Microsoft (NASDAQ:MSFT) is reportedly developing a smartphone version of its Surface tablets called the "Surface Phone," according to insider sources cited by Windows Central. Surface VP Panos Panay and his team reportedly inherited the project after Microsoft slashed thousands of jobs from Nokia's former handset unit earlier this year.
The device is expected to be powered by an Intel x86 CPU, which means that older Windows software should run on the system. That could be useful for users who want to convert the mobile device into a full-fledged desktop with the new Continuum feature.
Windows Central estimates that the device could launch in the second half of 2016 to coincide with a large update for Windows 10 code-named Redstone. But will a Surface Phone realistically fare any better than its new flagship Lumia devices at gaining ground against Apple (NASDAQ:AAPL) and Alphabet's (NASDAQ:GOOG) (NASDAQ:GOOGL) Google in the high-end smartphone market?
Microsoft's mobile game plan is falling apart
Microsoft previously approached the mobile market with four key strategies. First, it kept selling Nokia-branded feature phones bundled with Microsoft services to convince first-time smartphone buyers to buy Windows Phones. Second, it launched Windows Phones at lower prices than Android devices to gain market share in emerging markets.
It then released Windows 10 Mobile to replace Windows Phone 8 and tether all those devices to a unified ecosystem. Lastly, it launched Continuum to convert its top-tier flagship devices into desktop PCs, which could theoretically convince some iOS and Android users to try Windows 10 Mobile.
Unfortunately, Google's refreshed Android One initiative is now undercutting Microsoft's cheapest Windows Phones with $30 to $50 handsets. Continuum also only works on the Lumia 950 and 950 XL for now, which severely limits market exposure to Windows 10 Mobile's most innovative feature.
Windows 10 Mobile now accounts for 7% of all Windows Phones, but Microsoft's market share continues to shrink. Gartner estimates that Windows Phones only accounted for 1.7% of all smartphone shipments during the third quarter, down from 3% in the prior year quarter.
Blurring the lines between devices
Releasing a Surface Phone would be in line with Microsoft's previous strategies of blurring distinctions between devices. With the Surface, it tried to bridge the gap between PCs and tablets. With a Surface Phone, Microsoft can leverage the Surface brand's recognition to blur the distinction between a tablet and a phone. It would also complement Microsoft's strategy of expanding the Surface line with new devices like the Surface Book.
But with so many device options on the market, many shoppers can't decide which devices to replace. Gartner estimates that shipments of all devices (PCs, tablets, ultramobiles, and smartphones) will fall 1% annually to 2.4 billion units this year, due to widespread indecision about replacing devices. But on the bright side, Gartner claims that 44% of current tablet users want to upgrade to "a different device" like a 2-in-1 device or a phablet. Both upgrade paths could benefit Microsoft by fueling sales of 2-in-1 Windows devices or Windows 10 phablets like the Lumia 950 XL and the Surface Phone.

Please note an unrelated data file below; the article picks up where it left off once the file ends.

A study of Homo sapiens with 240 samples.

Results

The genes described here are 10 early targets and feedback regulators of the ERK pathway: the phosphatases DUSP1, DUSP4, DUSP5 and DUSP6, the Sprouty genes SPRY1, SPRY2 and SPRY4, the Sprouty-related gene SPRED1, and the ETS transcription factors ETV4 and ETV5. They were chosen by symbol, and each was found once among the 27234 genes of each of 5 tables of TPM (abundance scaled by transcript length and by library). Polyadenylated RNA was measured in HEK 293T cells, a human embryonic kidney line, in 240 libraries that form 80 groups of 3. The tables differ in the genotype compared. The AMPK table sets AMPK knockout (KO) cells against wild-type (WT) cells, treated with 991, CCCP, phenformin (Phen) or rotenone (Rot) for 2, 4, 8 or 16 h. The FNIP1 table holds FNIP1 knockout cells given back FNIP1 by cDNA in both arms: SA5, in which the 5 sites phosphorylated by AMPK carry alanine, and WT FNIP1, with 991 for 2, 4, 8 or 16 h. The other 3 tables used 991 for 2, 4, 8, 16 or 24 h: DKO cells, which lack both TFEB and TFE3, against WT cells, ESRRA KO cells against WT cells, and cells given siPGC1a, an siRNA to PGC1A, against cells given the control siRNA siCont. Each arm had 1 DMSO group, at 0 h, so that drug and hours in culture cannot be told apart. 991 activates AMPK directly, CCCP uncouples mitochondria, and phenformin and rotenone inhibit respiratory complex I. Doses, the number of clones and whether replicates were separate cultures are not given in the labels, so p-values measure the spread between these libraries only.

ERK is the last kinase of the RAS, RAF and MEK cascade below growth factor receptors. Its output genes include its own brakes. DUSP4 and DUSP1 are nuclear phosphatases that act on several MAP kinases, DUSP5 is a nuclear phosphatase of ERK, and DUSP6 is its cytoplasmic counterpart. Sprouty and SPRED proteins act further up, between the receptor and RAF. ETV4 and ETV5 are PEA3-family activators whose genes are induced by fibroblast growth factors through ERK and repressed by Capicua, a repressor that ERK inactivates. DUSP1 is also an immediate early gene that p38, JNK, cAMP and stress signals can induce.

However, "replacement indecision" can also hurt Continuum's growth since Continuum-enabled devices generally appeal to consumers who want to replace their phone, tablet, and PC with an all-in-one device. If consumers are unwilling to ditch one of those devices, they're less likely to buy a top-tier Windows 10 Mobile device as an all-in-one solution. Mobile users who are already locked into Apple or Google's ecosystem will also be less willing to switch to Windows 10 Mobile and lose all their digital purchases.
Why the Surface Phone will likely fail
The success of the Surface Phone depends on the Surface brand remaining strong and key features like Continuum and universal apps gaining mainstream awareness. Unfortunately, Surface sales already fell 26% annually last quarter. New products like the Surface Pro 4 and Surface Book might get the brand's growth back on track, but it might not be strong enough to carry a new flagship phone.
Meanwhile, Apple and Google are also blurring the lines between mobile devices and PCs to their advantage. Apple is challenging the Surface Pro 4 with the iPad Pro, while Google will reportedly merge Chrome OS and Android in the near future. Those moves could enable both companies to expand into Microsoft's territory faster than Windows 10 can expand into mobile.
Leo Sun has no position in any stocks mentioned. The Motley Fool owns shares of and recommends Alphabet (A shares), Alphabet (C shares), and Apple. The Motley Fool recommends Gartner and Intel. Try any of our Foolish newsletter services free for 30 days. We Fools may not all hold the same opinions, but we all believe that considering a diverse range of insights makes us better investors. The Motley Fool has a disclosure policy.